Review: The Future is Always Present in ‘Time and the Conways’

Review: The Future is Always Present in ‘Time and the Conways’

Though the Roundabout production, which opened on Tuesday evening, stars Elizabeth McGovern as the materfamilias, the story really is Kay’s. (She is played well, if with an overly neurotic edge, by Charlotte Parry.) It is Kay who mediates the two halves of the title. During the 1919 scenes she is occasionally stopped in her tracks by presentiments of what’s in store around the corner. It may even be that the 1937 scene is merely her dream — or nightmare.

For us it is a bit of both. Parts of “Time and the Conways” come off as obvious exercises in dramatic irony, as tedious as those charades. Other parts look at the world as it really is and are freshly gripping.

So give credit to the Roundabout for producing this thoughtful revival of an ambitious, vexing, multilayered drama. Still, there’s a reason it has not appeared on Broadway since its 1938 American premiere. Too often it feels like an elaborate mechanism for deploying once-fashionable cosmological ideas.


Some of the Conway siblings in happier times, from left, Anna Baryshnikov, Charlotte Parry, Matthew James Thomas and Anna Camp in the Roundabout Theater Company production.

Sara Krulwich/The New York Times

Influenced by the popular philosopher J. W. Dunne, and particularly his 1927 treatise “An Experiment With Time,” Priestley sought a dramatic structure that would demonstrate the idea that all parts of our lives occur simultaneously, even if we usually see only the current “cross section.” If we could instead grasp the whole thing, he argues, or at least have faith that it exists, we might stop acting as if “we were all in a panic on a sinking ship.”

The argument is flaky. Worse, it isn’t convincing on the play’s own terms. The evidence Priestley presents in the 1937 scene in no way bears out the belief expounded by placid Alan (Gabriel Ebert) that time is a “dream” moving us safely “from one peephole to the next.” Rather, the plot seems to support Kay’s view of time as “a great devil in the universe,” ruining everything indiscriminately.

Rebecca Taichman’s lovely staging does what it can visually to correct, or at least finesse, this problem. The simple morning-room set by Neil Patel performs a terrific bit of symbolic reconfiguration to accommodate the play’s porous sense of time, and Ms. Taichman, a recent Tony winner for “Indecent,” does haunting things with the characters who briefly step beyond time altogether. The costumes, lighting, wigs and makeup — and especially Matt Hubbs’s sound design and the original music by Dustin O’Halloran — also contribute to a vision that is almost brutally nostalgic.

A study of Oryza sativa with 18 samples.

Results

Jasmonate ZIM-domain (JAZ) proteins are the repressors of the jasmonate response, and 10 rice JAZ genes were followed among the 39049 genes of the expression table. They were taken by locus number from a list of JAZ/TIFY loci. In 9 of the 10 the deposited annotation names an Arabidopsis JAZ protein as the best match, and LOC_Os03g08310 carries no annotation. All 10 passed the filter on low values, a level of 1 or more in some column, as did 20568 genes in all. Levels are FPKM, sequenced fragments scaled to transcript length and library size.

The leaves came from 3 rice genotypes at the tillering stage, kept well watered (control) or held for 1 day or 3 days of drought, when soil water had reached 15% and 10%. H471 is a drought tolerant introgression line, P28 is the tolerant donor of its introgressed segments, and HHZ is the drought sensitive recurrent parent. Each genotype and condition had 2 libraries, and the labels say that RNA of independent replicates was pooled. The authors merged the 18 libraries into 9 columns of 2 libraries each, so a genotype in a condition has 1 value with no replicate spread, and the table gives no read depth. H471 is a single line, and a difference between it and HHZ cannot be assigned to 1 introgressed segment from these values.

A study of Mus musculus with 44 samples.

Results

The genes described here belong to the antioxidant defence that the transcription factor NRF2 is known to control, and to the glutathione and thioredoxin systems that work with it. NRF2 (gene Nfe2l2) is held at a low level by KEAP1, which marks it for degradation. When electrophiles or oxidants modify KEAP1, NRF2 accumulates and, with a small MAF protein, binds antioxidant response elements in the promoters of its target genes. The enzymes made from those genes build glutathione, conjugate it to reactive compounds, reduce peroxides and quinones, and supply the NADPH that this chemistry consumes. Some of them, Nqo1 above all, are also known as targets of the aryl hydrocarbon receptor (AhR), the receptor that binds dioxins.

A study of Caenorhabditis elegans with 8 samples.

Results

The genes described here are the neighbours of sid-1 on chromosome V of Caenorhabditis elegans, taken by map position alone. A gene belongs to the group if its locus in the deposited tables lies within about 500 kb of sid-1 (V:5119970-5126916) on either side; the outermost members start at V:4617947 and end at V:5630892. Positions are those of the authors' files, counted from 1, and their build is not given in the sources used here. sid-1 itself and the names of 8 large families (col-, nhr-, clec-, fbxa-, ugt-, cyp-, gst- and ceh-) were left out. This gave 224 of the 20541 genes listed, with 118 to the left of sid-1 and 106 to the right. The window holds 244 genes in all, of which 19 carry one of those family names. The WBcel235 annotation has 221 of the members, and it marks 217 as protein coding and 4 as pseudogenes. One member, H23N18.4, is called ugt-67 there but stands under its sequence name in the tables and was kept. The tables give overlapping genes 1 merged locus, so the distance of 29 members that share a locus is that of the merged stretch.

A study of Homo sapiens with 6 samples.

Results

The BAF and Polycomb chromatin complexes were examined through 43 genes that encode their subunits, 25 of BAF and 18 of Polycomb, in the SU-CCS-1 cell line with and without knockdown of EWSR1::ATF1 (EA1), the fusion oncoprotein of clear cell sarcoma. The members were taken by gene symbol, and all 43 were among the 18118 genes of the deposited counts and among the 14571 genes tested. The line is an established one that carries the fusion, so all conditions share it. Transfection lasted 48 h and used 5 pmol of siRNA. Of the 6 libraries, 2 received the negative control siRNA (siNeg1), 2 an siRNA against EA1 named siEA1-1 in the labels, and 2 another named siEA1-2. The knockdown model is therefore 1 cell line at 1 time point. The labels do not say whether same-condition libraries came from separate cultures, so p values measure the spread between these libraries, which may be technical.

And yet all this loving attention to the play’s philosophical superstructure does little to alleviate the stiffness of the actual scenes, which are filled with the kind of canned dialogue and bald exposition that Monty Python and other English satirists would come to savage a few decades later.

Perhaps it is not surprising, then, that the performances — including that of Ms. McGovern, who lately played a mother of similar vintage but more anodyne personality on “Downton Abbey” — are often overstated. That the problem affects both newcomers like Cara Ricketts, a Stratford Festival find, and New York stage regulars like Anna Camp, suggests direction that aims to score points and then rescore them as if in doubt of the audience’s comprehension.

When, for instance, in the 1919 scenes, a romantic opportunity is scotched or a guest insulted, the action is heavily underlined to make sure that the consequences in 1937 will line up. They would have anyway.

Priestley and the production are working too hard; he would be more successful integrating plot and metaphysics in his other so-called Time Plays, especially “An Inspector Calls,” revived on Broadway to great acclaim in 1994. But even in “Time and the Conways” he is more than a philosophical faddist and domestic dramatist: He is an astute social critic.

When the revival focuses on that, it achieves its greatest depth. The interval from 1919 to 1937 was, after all, unkind to more than the Conways; it was unkind to all of England. The chance to remake the country into a fairer one, in which social stratification and wealth inequality might be mitigated, was squandered, and by the time the Depression (which the British called The Great Slump) arrived, the middle and working classes were enemies instead of comrades. Even as one of the Conway children bemoans the situation, another helps break a railwaymen’s strike — and finds doing so “a great lark.”

Priestley connects this chaotic brew of entitlement and resentment to the rise of Nazism elsewhere in Europe. It’s no accident that it’s the gauche Mr. Beevers, a despised outsider with the wrong accent, who grimly explains to the impoverished Conways that their cavalier assumptions of privilege are now worthless. They no longer live at the end of the old war, he tells them, but “just before the next” one.

It’s a terrifying comment, especially as delivered by Steven Boyer, the “Hand to God” star unrecognizable here as a distinctly Bannonesque spoiler. However outlandish Priestley’s ideas about time, he totally nailed a future truth in his creation of this furiously vengeful arriviste bully. What Priestley wants you to understand in “Time and the Conways” is that such men are not the creators of rotten societies. Rather, they are the product.